A gray minivan bumps down an unmarked lane one recent morning and pulls into what appears to be a neatly groomed, dormant orchard. On the sloping, one-acre plot stand 500 filbert trees, bushes really, that produce hazelnuts. It's harvest time. But no one is here for the nuts.
Farmer and entrepreneur Franklin Garland and his dog Ginger, a 5-year-old standard poodle, get right to work.
AN EXPENSIVE AROMA: Washington chef Todd Gray takes in the pungent smell of Garland Gourmet truffles on an expedition to a North Carolina orchard. Below: Farmer Franklin Garland and his truffle-sniffing dog Ginger walk along the filbert trees, whose roots are friendly to underground truffle growth. At top right: Ginger, hard at work.
(Photos Karen Tam For The Washington Post)
"Find a truffle, Ginger. Find a truffle, Ginger," Garland repeats as the pair start down the first row, both heads tilting toward the ground.
Ginger uses her sensitive nose to detect aromatic, farm-raised black truffles -- Tuber melanosporum -- the highly prized, irregularly shaped fungi that are native to the Perigord region of France. Under the right conditions, they grow underground in a symbiotic relationship with the roots of the filbert tree (Corylus avellana). But this day, friendly Ginger is distracted by strangers nearby and can't seem to focus on fungus.
"She's being a total dingbat," says Garland's wife, Betty. "We should have brought another dog. In 20 minutes, we would have two pounds."
At her side is Todd Gray, chef and owner of Equinox restaurant in downtown Washington. Gray is a relatively new Garland customer who pays $500 per pound for the odorous truffles harvested yearly, from mid-November to mid-March, in this flat region of the state on the eastern edge of the Piedmont.
At Equinox, Gray shaves truffles over pasta dishes, minces them into sauces for beef and veal, and sprinkles tiny truffle batons on grilled scallops. Last Wednesday night, at the James Beard House in New York, Gray served a creamy Carolina truffle risotto with bacon-wrapped monkfish.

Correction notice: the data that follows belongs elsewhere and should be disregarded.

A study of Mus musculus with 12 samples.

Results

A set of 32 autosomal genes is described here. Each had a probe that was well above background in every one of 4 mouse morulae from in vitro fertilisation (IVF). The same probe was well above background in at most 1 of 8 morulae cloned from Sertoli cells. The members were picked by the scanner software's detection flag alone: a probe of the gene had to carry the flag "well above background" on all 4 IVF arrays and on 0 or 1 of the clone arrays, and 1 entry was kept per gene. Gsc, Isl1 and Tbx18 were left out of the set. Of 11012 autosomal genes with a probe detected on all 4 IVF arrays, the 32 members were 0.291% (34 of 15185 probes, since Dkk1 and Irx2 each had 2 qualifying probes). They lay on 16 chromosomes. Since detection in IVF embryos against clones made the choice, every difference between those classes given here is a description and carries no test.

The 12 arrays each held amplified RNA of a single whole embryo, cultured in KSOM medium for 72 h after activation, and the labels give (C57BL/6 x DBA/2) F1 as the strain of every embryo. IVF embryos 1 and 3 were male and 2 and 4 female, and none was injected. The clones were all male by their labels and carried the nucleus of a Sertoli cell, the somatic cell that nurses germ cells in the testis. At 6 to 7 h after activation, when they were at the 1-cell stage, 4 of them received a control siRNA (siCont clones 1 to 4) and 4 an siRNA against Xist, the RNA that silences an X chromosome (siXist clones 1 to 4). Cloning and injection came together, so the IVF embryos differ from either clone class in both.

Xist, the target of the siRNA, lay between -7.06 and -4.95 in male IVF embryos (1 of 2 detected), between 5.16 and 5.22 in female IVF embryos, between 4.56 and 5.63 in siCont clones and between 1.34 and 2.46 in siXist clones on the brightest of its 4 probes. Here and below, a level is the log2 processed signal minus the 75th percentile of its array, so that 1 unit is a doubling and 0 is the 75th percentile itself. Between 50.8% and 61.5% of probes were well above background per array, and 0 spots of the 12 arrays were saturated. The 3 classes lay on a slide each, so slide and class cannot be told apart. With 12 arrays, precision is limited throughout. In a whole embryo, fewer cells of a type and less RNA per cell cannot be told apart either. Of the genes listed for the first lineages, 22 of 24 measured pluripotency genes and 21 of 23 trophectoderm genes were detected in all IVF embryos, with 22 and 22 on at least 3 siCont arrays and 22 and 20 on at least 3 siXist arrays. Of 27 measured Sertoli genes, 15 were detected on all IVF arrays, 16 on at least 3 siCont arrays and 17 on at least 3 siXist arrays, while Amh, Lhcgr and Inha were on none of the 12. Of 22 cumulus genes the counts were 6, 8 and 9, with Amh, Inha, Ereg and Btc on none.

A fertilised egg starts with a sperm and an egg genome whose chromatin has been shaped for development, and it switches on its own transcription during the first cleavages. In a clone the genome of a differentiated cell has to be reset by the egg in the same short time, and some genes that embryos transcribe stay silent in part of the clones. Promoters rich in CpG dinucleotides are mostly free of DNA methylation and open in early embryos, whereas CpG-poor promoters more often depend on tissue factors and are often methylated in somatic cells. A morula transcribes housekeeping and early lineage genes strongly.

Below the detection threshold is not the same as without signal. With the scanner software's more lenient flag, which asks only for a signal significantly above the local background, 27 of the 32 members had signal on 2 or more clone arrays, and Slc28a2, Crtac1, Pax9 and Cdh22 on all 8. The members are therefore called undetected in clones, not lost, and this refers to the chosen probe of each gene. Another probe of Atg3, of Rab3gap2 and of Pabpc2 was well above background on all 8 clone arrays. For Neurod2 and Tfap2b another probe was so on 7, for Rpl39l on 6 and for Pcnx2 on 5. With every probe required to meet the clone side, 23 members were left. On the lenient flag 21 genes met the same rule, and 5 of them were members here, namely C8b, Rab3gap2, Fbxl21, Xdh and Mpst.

Today he's come for the first time to see the source for himself. "This is the real deal," says the chef, a native of Fredericksburg who is noted for his use of regional and seasonal ingredients. "I couldn't believe it when they sent me a sample. It had that great pungency, with that characteristic nutty, eucalyptus and tobacco smell."
Such truffles aren't thought to grow in the United States, let alone within a day's drive of Gray's restaurant. "Man, I was thinking," he says, "this is too good to be true."
And the price is right -- at least for the high-end restaurants that feature truffles. Imported black truffles from France would cost around $800 per pound this year. Other species of wild black truffles from Oregon and imports from China are far less expensive but, for Gray, they lack flavor and aroma. In winter at Equinox, he uses about a pound per week.
Truffles are expensive because they are difficult to find and harvest yields have progressively lessened over the past 100 years. In 2002, United States imports were 9,806 pounds, according to the Department of Commerce. In recent years, most of the Perigord harvest from France and Spain has come from oaks that have been inoculated with spores. Historically, pigs were used to find the truffles. But dogs trained to find a specific scent have proven less temperamental and less likely to damage the goods.
Eventually, Ginger stops and gives the soil a scratch. Sure enough, Garland digs down and up comes what looks like a muddy, walnut-sized charcoal chunk. He says some of the truffles found in this field are the size of a tennis ball.
The Garlands together operate Garland Gourmet Mushrooms and Truffles, a company Franklin Garland started in 1992 to produce truffles as well as train dogs to find them. A graduate of Carnegie Mellon University and a sophisticated farmer who shops for suits "only on sale" in Milan, Garland got the idea to raise this unusual cash crop after reading a newspaper article in the late 1970s.